3rd Sunday of Easter
On the road to Emmaus, Jesus walks up alongside two of his disciples, though He's not recognized for who He is but thought to be a stranger. This Stranger begins to unpack for them the Scriptures and how they foretell and prefigure the Christ. The hearts of these two disciples are set on fire as Jesus teaches them, though they don't fully realize it in the moment. It's only at the end of the day, in the breaking of the bread, that they recognize Who was with them, and then Jesus vanishes from their sight. Take a walk on the road to Emmaus, let Jesus draw close, even if you don't recognize Him at first, let Him teach you about the Scriptures and Himself, let Him set your heart on fire!
2nd Sunday of Easter/Divine Mercy Sunday
On this Divine Mercy Sunday, Deacon Brian reflects on the immensity of God's mercy. He lays out two common traps (both springing from pride) that we as Christians can fall into and which limit our reception of God's mercy. Like children at Christmas or Easter who freely and joyfully receive gifts, he encourages us to remember the mercy of God as an undeserved gift, but a gift that God desires to give to us. Let us open our arms, hearts and minds to accept (with the joy and enthusiasm of a child) the incredible gift of mercy that our Savior desires to share with each of us!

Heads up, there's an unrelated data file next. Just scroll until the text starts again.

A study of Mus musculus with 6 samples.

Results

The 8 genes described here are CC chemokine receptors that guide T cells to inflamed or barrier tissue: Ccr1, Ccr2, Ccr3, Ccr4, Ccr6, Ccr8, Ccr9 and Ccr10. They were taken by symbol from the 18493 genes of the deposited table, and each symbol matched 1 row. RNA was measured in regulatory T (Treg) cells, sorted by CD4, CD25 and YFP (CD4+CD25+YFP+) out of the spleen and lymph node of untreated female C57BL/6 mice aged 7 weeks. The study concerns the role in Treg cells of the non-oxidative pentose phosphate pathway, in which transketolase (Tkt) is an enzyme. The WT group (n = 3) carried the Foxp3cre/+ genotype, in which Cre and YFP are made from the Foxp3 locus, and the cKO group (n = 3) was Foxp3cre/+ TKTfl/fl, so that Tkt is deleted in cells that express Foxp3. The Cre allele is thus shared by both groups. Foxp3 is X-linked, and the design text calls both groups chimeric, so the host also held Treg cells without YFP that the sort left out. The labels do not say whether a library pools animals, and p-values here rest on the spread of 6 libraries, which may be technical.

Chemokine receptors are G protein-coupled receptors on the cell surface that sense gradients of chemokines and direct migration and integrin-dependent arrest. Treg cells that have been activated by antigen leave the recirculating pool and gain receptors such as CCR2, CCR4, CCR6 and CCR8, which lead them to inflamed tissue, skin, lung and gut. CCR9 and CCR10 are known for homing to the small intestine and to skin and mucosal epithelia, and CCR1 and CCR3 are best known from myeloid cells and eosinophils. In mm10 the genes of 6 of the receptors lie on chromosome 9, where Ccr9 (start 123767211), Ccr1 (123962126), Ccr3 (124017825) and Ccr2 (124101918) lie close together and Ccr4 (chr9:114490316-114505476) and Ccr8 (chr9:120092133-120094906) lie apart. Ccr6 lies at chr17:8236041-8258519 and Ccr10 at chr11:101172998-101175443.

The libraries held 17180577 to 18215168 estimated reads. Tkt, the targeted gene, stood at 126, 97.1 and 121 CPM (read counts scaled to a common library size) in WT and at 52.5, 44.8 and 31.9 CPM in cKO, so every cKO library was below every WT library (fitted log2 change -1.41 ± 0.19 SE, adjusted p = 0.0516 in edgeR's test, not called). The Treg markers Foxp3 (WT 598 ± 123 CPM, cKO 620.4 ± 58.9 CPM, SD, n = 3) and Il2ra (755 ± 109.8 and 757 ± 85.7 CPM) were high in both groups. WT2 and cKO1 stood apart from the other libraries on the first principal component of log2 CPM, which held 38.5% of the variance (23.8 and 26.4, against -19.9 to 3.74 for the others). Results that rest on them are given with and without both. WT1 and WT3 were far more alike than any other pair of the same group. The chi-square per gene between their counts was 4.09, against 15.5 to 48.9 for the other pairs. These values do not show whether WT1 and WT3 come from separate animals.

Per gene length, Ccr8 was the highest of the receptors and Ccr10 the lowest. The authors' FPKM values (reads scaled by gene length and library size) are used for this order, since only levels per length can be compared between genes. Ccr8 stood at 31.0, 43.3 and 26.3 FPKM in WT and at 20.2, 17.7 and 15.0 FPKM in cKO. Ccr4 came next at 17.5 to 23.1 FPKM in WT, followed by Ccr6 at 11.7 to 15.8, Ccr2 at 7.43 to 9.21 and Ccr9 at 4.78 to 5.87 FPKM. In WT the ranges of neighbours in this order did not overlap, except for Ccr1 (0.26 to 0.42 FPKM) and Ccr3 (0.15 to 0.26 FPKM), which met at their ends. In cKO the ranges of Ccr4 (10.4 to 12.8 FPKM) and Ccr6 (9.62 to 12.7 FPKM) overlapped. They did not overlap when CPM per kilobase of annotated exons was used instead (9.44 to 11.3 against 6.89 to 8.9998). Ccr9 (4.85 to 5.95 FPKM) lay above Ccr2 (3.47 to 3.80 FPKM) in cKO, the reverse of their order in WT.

During this time of COVID-19 I've heard people say both how unfortunate and difficult of a time this is, and how many blessings are hidden in this time. While I agree with both (and I most certainly see God's hand at work in my life, in our Church, and in our world in the midst of the difficulties) there is an easy mistake to fall into while trying to make sense of it all. The mistake is to look at the blessings and the good coming out of it and say, "God did this so that...(list your blessing or good thing)." The problem is that if we say that God did this in order to bring about good things, then we also have to say that it's His fault that bad things and struggles are happening in so many lives - we inadvertently, but very quickly, turn God into a monster. The appalling message of Easter, of the Resurrection of Jesus Christ from the dead, is that God can bring good out of ANY situation. Not that He wants bad things to happen, not that He wanted His son to be rejected, tortured, and murdered, but out of anything - whether good, neutral, bad, or downright horrific - God is able to bring good. God's goodness is unstoppable! Not even death can stop Him! Christ is Risen! Alleluia, alleluia!
“Holy” literally means “different.” As we enter into this year’s Holy Week we are certainly experiencing a very “different” time in our country and world. I would propose, however, that this time of COVID-19 can actually assist us in entering more deeply into this Holy Week, more deeply into the life, suffering, death and resurrection of Jesus Christ, than we ever have before!
Note: I will be live streaming Easter morning Mass from St. Joseph at 9:00am on Sunday, April 12! Please visit the parish website www.stjoseph-hayward.org to view live or watch the recording.